SANFORD
ESTATE BOTTLED CHARDONNAY 2002
SANTA RITA HILLS, Santa Barbara County, California, USA, $18

We first came across the Sanford Chardonnay on honeymoon in Hawaii, an appropriate place to discover a wine that was, still is, and hopefully forever will be awash with Pacific flavors of pineapple, apricot, mango and fig. Back then, in 1993, we were such wine novices we didn’t realize that not every Californian Chardonnay was of such unique quality, but we were smart enough to bring the cork home with us and make Sanford our special occasion Chardonnay for the next few years. In the hot 1997 vintage, the Sanford was so ripe, the grapes picked so late, that it had a touch of botyritis to it (like a Sauternes), which we found delightful but was clearly not to everyone’s taste: we ended up buying a case of it for a ridiculously inexpensive $12.50 a bottle, which enabled us to make it our everyday Chardonnay too.

But even our own tastes are prone to change and, turned off by all those buttery, oaky double-malo Chardonnays that have hogged the headlines and shelf-talkers and become the norm in California, we forgot about Sanford’s exception to the rule as we moved on to white wines from the Loire, the Rhône and Germany. Besides, every time I saw Sanford on sale (which is not that often: they’re produced in moderate quantities), it was priced above $20, much much more than I like paying for white wine of any kind.

But then came Sideways. If you’ve seen the film, you may remember that Sanford is the first winery to which wine geek Miles takes his neophyte buddy Jack, assuring him that Sanford makes “some of the best Chardonnay and Pinot Noir in the county.” Watching the movie for the first time, that moment set off alarm bells in my head: I knew I needed to taste Sanford’s wines again – and before the fictional film’s focus on real life wines pushed the price even higher.

The Sanford Chardonnay: “an exemplary and entirely unique bottling.” The flower on the label changes with every vintage.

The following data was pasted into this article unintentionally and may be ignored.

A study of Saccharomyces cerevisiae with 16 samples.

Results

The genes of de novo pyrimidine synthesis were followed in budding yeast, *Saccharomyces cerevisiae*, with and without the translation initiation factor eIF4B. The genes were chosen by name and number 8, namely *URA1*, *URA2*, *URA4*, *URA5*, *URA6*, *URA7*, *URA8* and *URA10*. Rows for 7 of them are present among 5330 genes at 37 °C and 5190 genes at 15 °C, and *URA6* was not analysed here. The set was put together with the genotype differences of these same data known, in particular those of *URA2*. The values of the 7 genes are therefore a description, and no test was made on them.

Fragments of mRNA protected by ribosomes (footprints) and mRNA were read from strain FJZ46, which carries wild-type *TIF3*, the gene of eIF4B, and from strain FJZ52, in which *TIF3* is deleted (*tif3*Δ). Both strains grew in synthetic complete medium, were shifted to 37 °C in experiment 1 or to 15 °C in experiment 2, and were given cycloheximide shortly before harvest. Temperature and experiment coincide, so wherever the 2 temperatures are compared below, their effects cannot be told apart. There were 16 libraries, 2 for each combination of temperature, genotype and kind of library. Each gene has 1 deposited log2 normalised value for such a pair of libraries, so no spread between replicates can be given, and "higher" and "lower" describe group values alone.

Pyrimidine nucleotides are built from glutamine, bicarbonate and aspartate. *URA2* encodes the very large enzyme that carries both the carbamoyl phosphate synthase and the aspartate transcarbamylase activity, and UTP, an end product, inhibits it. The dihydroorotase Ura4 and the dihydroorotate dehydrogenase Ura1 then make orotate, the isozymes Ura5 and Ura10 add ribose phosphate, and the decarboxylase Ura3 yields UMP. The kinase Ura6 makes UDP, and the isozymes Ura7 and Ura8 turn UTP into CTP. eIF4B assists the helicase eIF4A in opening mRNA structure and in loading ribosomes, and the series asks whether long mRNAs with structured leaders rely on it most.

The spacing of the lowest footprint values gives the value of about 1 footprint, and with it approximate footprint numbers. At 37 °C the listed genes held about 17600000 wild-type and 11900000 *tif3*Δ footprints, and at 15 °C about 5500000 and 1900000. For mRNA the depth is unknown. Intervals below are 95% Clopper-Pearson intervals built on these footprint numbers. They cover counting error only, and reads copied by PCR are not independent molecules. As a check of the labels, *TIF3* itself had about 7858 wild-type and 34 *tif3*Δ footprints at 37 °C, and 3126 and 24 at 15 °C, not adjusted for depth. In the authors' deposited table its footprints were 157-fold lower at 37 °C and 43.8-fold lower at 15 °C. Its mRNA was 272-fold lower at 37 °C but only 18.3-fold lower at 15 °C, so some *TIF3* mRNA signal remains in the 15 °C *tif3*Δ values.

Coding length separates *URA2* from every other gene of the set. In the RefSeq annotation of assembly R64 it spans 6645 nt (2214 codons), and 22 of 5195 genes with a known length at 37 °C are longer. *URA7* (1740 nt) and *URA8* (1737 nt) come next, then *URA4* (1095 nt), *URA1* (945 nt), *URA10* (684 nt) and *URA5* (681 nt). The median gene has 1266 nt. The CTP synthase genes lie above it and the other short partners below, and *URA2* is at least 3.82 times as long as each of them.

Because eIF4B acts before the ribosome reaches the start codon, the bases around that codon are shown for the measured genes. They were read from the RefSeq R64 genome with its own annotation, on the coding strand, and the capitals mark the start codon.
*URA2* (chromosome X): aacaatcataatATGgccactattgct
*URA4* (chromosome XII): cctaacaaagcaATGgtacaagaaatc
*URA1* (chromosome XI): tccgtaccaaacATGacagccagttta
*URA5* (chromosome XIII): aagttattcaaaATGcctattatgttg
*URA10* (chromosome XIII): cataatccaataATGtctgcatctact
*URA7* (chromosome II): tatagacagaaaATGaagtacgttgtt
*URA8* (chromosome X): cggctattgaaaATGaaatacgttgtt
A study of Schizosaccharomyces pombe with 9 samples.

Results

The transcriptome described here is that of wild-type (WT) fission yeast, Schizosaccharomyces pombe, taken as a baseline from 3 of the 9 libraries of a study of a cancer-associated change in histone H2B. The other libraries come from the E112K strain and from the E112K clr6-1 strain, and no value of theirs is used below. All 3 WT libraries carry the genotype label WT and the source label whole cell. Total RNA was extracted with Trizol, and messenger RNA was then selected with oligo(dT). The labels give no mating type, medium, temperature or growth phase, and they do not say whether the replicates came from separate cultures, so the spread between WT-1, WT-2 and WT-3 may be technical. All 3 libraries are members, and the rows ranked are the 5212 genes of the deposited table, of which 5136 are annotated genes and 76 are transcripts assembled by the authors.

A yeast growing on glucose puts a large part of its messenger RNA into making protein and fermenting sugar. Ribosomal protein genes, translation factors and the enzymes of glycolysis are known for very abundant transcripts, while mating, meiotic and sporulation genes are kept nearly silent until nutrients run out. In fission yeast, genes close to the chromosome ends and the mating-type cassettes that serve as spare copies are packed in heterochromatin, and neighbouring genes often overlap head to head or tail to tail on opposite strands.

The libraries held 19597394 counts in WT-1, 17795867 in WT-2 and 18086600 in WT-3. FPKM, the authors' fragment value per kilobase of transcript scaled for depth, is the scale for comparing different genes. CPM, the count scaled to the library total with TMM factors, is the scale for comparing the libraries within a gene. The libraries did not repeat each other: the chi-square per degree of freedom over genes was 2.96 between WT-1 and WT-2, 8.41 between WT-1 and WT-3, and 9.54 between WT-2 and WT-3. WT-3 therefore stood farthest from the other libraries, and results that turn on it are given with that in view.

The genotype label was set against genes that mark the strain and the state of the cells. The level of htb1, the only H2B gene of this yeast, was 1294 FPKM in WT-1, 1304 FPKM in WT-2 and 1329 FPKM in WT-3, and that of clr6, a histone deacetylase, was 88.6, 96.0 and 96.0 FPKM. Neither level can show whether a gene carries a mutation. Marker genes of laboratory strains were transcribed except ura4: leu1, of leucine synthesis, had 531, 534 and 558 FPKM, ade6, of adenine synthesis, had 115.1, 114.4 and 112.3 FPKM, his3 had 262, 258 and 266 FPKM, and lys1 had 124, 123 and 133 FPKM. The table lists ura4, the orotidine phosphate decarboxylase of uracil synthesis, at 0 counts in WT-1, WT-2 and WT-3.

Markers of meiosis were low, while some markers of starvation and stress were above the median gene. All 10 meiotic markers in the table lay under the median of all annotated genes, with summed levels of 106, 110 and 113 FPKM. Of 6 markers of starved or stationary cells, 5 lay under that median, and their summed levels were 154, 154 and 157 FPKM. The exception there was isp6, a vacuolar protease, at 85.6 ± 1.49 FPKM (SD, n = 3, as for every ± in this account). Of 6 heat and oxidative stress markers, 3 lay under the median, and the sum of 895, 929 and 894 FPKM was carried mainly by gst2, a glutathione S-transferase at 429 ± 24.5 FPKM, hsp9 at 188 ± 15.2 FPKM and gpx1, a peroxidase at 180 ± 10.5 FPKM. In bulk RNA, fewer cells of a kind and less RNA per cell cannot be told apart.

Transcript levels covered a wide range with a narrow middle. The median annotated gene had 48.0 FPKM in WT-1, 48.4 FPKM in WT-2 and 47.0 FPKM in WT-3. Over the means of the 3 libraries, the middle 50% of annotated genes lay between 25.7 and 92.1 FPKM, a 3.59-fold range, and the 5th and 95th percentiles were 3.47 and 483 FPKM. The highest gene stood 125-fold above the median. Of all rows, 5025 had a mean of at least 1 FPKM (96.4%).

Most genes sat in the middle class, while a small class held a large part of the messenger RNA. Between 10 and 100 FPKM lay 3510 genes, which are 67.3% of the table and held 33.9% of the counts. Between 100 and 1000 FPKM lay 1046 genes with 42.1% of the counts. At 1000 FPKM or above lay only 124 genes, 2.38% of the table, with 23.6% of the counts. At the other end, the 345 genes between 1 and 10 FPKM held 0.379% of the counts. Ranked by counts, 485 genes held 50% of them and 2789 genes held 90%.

Fortunately, only Sanford’s Pinot has seen a Sideways-inflicted price jump. I picked up the 2002 Chardonnay for well under $20 at The Bottle King on Route 17 in New Jersey. Only two things had visibly changed about the wine since last we shared each other’s company. The AVA (the American term for an appellation) is now the new Santa Rita Hills, rather than simply Santa Barbara County. And the alcohol content seems to have risen. For all that the back label boasts of the Hills’ “cool maritime breeze off the Pacific,” Sanford is still just as close to the Equator as an American winery can be, and the 2002 comes in at a staggering 14.5%.

I wouldn’t pretend you don’t notice the wine’s strength, but before it knocks you, um, sideways, you’ll hopefully make notes like my own: “Lots of tropical pineapple and guava on the nose, plus tangerine and grapefruit. Kiwi too. Good balance on palate of tropical fruit and bright acidity. Citrus kicks in mid-palate and alcohol at the end with some of that lean oiliness I’ve come to associate with this wine.” Note the lack of common Californian Chardonnay descriptors like “butter,” “vanilla,” and “oak.” Sanford’s flavors are not absolutely unique to the winery – my Jancis Robinson/Hugh Johnson World Atlas of Wine compares California’s southern Central Coast to New Zealand for “naturally high acidity offset by fruity intensity – but this is still an exemplary and entirely unique bottling. It will stand up to very rich dishes, and while fish-lovers could go that lobster-in-ginger route, I imagine trying my next bottle with a fruit-flavored curry.

There are yet more reasons to love Sanford. Proprietor Richard Sanford planted the famous Sanford & Benedict vineyard back in 1971, which opened up Santa Barbara as premier wine country: we’re dealing here with a pioneer. And the back label to the Chardonnay assures not only that all Sanford’s vineyards are certified organic, but that the winery’s “work is focused by love and respect for wine, the natural environment, our co-workers and our customers.” It would be so much hollow rhetoric were the wine itself not this exceptional. For myself and my wife, it’s hard not to drink it and be taken back to the sunset in Kaui. As for Miles and Jack in Sideways, it’s a wonder they were ever able to progress further along the Santa Barbara wine trail.